The NBA Draft is just over a week away. I have put out a couple of my own theories in what I think the Denver Nuggets should do with the #11 pick (draft Nik Stauskas or trade it for Ben McLemore). The homework assignment I gave myself was to look up what some other folks were predicting. Folks who have more access, more inside information, and more knowledge than myself. I share with you my findings from three different sources in regards to who Denver will select with the #11 pick on Thursday, June 26th. You will notice only one name is mentioned twice (Gary Harris). The only name on the list that I disagree with is Zach Lavine. Everything about him just screams JaVale McGee-like experiment.
P.J. Hairston, SG, D-League: I could not cut and copy from the magazine, so here is my take. The article puts on a focus on Hairston playing basketball against NBA sized bodies in the D-League versus mainly still-growing athletes in college. When I first started watching the Las Vegas Summer League, and it’s D-League format, I received the following warning. One does not watch these games to see who is ready for the NBA, one watches the Summer League games to see who is NOT ready for the NBA.
Gary Harris, SG, Michigan State: Harris didn’t measure well at the NBA Draft combine, and that surely matters to some franchises. But he’s still an elite high school player who was also an elite college player, and prospects who fit that description tend to turn into relevant NBA players way more often than not.
Dario Saric, SF, Croatia: It’s hard to figure out where Saric fits into this draft. He’s assumed to be a definite lottery player, but he doesn’t have any overwhelming skills or a definite position to place him at a need for a team. The Nuggets currently have a few tweener forwards on the roster, but they could always move one in an effort to find a big man Brian Shaw needs, and then put Saric next to him for a big frontcourt. That’s assuming the Nuggets keep the pick.
Adreian Payne, PF, Michigan State: They’re probably trading his pick, to be honest. But even with Kenneth Faried and J.J. Hickson, I just think this is a better fit for what they want to do than Saric.
Denver Post writer Chris Dempsey recently posted his top 5 from the athletes the Denver Nuggets have recently worked out:
Rodney Hood, SF, 6-7, 208, Duke: Hood has tantalizing size for his position and knows how to use it on the offensive end. He was deadly in pick-and-roll situations as the ball-handler. In fact, Hood was one of the primary ball-handlers and decision-makers on Duke’s team. Defensively, Hood was average. The first thing that jumps out of film study is an overall lack of urgency in getting out to the offensive player.
Gary Harris, SG, 6-3, 205, Michigan State: Harris was primarily used as a spot-up shooter, as he was regularly run off of screens to open him up, and he hit 35 percent from 3-point range. Harris was most comfortable in catch-and-shoot and in screen/roll situations. He did not show a scary ability to take his man off of the dribble in isolation situations, and would take the midrange shot on drives more often than going all the way to the basket. Defensively, Harris’ reputation is as perhaps the best perimeter defender in the draft, and it’s well deserved.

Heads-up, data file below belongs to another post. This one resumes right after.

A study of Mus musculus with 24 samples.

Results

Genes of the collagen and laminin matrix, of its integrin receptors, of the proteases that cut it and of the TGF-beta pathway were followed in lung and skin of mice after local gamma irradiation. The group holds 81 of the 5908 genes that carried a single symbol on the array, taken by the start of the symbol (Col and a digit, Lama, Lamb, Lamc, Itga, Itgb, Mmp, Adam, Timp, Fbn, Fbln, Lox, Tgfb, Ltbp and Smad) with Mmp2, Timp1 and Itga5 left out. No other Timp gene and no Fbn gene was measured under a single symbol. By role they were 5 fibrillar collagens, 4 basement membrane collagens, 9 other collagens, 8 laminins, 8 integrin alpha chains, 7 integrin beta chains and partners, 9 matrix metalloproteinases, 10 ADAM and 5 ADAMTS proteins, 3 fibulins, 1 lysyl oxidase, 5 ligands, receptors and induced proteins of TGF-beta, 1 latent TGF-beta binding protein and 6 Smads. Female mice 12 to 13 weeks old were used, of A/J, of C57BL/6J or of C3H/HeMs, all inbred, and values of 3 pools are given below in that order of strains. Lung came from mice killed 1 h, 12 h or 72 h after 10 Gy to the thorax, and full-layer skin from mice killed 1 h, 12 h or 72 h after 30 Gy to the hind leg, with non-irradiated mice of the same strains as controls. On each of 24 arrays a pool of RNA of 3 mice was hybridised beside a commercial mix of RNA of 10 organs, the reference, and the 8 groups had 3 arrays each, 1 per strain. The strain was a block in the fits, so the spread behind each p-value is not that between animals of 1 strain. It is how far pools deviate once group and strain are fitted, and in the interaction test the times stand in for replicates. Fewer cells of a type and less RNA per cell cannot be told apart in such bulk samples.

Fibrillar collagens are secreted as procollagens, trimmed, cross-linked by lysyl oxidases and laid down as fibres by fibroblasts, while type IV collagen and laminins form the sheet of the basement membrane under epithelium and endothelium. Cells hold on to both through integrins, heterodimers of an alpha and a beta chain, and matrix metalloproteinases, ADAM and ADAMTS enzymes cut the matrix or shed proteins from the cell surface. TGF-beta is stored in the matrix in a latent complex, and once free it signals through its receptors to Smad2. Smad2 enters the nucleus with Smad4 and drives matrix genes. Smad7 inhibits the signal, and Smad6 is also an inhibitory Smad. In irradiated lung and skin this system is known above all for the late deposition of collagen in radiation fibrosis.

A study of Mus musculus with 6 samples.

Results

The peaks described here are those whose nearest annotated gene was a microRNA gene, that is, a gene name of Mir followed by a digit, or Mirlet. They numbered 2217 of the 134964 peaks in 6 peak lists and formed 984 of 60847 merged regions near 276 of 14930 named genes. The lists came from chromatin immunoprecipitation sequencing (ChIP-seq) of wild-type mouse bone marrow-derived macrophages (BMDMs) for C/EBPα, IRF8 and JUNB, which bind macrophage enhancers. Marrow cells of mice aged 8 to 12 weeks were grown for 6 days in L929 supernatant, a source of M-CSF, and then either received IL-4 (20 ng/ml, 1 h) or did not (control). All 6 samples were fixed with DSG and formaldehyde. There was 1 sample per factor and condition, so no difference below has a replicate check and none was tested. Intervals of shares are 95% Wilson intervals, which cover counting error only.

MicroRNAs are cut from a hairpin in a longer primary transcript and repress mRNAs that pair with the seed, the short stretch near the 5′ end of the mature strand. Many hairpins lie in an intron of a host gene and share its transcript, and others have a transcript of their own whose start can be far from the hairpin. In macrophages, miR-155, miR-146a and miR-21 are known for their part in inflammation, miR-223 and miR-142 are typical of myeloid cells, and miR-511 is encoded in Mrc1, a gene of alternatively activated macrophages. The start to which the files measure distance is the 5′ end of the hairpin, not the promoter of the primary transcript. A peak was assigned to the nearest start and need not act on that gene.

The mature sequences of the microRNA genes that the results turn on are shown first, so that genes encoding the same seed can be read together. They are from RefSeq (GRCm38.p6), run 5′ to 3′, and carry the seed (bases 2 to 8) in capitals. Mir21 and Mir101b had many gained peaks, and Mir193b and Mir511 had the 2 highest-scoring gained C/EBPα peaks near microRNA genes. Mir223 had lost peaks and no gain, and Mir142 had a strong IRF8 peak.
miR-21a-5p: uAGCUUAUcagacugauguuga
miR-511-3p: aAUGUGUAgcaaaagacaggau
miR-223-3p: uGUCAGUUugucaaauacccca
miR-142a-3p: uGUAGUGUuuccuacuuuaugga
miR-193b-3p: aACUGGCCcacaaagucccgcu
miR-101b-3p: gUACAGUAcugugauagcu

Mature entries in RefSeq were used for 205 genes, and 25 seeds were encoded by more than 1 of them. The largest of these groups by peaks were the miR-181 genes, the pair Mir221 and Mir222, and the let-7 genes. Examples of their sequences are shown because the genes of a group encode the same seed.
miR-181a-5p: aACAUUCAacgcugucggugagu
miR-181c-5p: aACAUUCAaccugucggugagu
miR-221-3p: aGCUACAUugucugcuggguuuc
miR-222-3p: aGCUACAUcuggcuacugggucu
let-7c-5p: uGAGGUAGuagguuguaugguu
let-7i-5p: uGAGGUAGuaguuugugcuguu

Tyler Ennis, PG, 6-1, 182, Syracuse: He’s one of the best point guards in the draft, with poise and play-making being his best strengths, and a ceiling that suggests with hard work in a few years he can become one of the best point guards in the NBA. Defense is Ennis’s biggest question mark, like all players who play at Syracuse, which runs a 2-3 zone defense the majority of the time. Ennis had just one possession of man-to-man defense the entire season.
Zach LaVine, SG, 6-5, 181, UCLA: His athleticism ranks among the top in the entire draft, and in a highlight-reel dunking display late in the draft workout, LaVine showed off his max 41.5-inch vertical. LaVine is a deadly catch-and-shoot three-point shooter, and that — combined with transition finishes — is how he did much of his business scoring the basketball for the Bruins. He’ll have to improve his pull-up jump shot, which is erratic right now. And though he can drive to the rim with ease because of his quickness, when he gets there he struggles to finish though contact. Though he played for a defensive-minded coach in Steve Alford, LaVine definitely has to improve his aggressiveness and willingness to commit to playing hard on that end.
James Young, SF, 6-5, 213, Kentucky: In my own words, he seems to be dynamite with his left hand and gets exposed when forced to shot with right hand. Now back to Mr. Dempsey: defensively, Young was a mixed bag. It was easy tell he was a freshman with mistakes like losing his man or not closing out properly or picking up cheap fouls, but he did compete.